Research on the lifecycle of hepatitis C virus (HCV) and development of effective therapies has been hampered by the fact that the virus is difficult to grow in liver cells in the laboratory; instead, investigators have used "replicon" models or a specific strain of HCV in cancerous liver cells. But now, researchers at the Massachusetts Institute of Technology (MIT) and Rockefeller University have found a way to sustain viral replication for up to 3 weeks in healthy liver cells, as reported in the February 1, 2010 advance online issue of Proceedings of the National Academy of Sciences.

Below is the text of a press release from MIT describing the new advance.

Engineering a New Way to Study Hepatitis C

Advance that could allow scientists to develop and test new treatments for the disease

Cambridge, Mass. -- January 25, 2010 -- Researchers at MIT and Rockefeller University have successfully grown hepatitis C virus in otherwise healthy liver cells in the laboratory, an advance that could allow scientists to develop and test new treatments for the disease.

About 200 million people worldwide are infected with hepatitis C, which can lead to liver failure or cancer, and existing drugs are not always effective. To develop better treatments, researchers need to test them in laboratory experiments in liver cells, but it has been difficult to create a suitable tissue model because healthy liver cells tend to lose their liver functions when removed from the body.

Previously, researchers have been able to induce cancerous liver cells to survive and reproduce outside the body, but those cells are not sufficient for studying hepatitis C because their responses to infection are different from those of normal liver cells.

Now, Sangeeta Bhatia, professor in the Harvard-MIT Division of Health Sciences and Technology, in collaboration with Charles Rice of the Rockefeller University, has developed a way to maintain liver cells for four to six weeks by precisely arranging them on a specially patterned plate. The cells can be infected with hepatitis C for two to three weeks, giving researchers the chance to study the cells' responses to different drugs.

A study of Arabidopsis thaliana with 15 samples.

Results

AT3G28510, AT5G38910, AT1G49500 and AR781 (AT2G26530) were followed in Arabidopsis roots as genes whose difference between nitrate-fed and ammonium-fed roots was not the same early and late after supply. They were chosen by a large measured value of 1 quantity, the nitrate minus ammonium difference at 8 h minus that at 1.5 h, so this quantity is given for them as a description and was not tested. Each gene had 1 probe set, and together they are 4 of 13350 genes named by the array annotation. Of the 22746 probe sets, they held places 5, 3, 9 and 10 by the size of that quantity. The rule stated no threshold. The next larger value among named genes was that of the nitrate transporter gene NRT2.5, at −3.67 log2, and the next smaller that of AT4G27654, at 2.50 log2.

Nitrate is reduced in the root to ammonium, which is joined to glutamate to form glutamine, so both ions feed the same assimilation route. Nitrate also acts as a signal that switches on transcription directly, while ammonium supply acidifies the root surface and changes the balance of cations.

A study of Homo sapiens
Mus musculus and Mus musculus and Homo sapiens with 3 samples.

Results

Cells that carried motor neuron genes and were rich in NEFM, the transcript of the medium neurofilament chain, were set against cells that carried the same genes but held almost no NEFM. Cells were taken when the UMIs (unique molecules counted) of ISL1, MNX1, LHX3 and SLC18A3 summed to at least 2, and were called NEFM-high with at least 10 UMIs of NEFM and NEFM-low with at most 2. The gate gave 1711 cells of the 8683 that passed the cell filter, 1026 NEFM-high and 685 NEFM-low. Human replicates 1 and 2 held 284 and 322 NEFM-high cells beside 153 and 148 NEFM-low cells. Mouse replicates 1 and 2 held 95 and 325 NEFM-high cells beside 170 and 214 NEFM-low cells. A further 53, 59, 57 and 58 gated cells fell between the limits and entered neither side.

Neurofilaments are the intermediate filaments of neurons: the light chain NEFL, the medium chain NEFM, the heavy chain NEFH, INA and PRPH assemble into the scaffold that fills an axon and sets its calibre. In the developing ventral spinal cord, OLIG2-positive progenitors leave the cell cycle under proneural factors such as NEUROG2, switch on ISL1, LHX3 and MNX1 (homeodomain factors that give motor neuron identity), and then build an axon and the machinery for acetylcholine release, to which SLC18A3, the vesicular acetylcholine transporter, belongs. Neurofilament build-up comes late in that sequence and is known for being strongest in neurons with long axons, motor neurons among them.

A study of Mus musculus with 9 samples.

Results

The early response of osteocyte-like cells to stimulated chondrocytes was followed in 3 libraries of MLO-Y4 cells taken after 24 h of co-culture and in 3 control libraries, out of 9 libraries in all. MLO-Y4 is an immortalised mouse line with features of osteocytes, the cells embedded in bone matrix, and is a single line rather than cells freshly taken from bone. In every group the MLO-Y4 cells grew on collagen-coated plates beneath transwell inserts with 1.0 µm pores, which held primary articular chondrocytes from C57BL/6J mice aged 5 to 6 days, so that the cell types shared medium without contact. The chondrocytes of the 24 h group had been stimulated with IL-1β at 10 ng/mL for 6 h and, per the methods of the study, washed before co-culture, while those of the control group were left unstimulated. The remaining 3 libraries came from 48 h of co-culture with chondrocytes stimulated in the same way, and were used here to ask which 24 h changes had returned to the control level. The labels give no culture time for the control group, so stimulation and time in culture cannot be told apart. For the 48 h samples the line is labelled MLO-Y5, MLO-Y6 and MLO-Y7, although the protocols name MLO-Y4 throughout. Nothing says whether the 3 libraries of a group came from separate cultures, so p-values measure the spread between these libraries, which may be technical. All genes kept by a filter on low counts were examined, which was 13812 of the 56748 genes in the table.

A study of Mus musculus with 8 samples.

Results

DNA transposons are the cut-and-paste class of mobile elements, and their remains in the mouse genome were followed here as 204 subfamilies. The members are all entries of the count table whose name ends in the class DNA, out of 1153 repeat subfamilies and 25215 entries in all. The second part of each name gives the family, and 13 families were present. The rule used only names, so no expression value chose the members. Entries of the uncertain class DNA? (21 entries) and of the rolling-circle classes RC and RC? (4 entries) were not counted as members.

The new model, described in next week's issue of the Proceedings of the National Academy of Sciences, could allow researchers to test the effectiveness of various combinations of drugs, including interferon, a common current treatment, and experimental antibodies that may block the virus from entering cells.

How they did it: The researchers used healthy liver cells that had been cryogenically preserved and grew them on special plates with micropatterns that direct the cells where to grow. The liver cells were strategically interspersed with other cells called fibroblasts that support the growth of liver tissue.

"If you just put cells on a surface in an unorganized way, they lose their function very quickly," says Bhatia. "If you specify which cells sit next to each other, you can extend the lifetime of the cells and help them maintain their function."

Next steps: The current system may already be suitable to screen drugs against the strain of hepatitis C used in this work; however, this strain, which was derived from a Japanese patient with fulminant hepatitis is the only strain ever successfully grown in a laboratory environment. The researchers hope to modify the system so they can grow additional strains, such as those more common in North America, which would allow for more thorough drug testing.



A Ploss, SR Khetani, CT Jones, and others. Persistent hepatitis C virus infection in microscale primary human hepatocyte cultures. Proceedings of the National Academy of Sciences USA (Abstract). February 1, 2010 (Epub ahead of print).

Other sources

Massachusetts Institute of Technology. Engineering a new way to study hepatitis C. News release. January 25, 2010.

A Trafton. Engineering a new way to study hepatitis C. MIT News. February 1, 2010.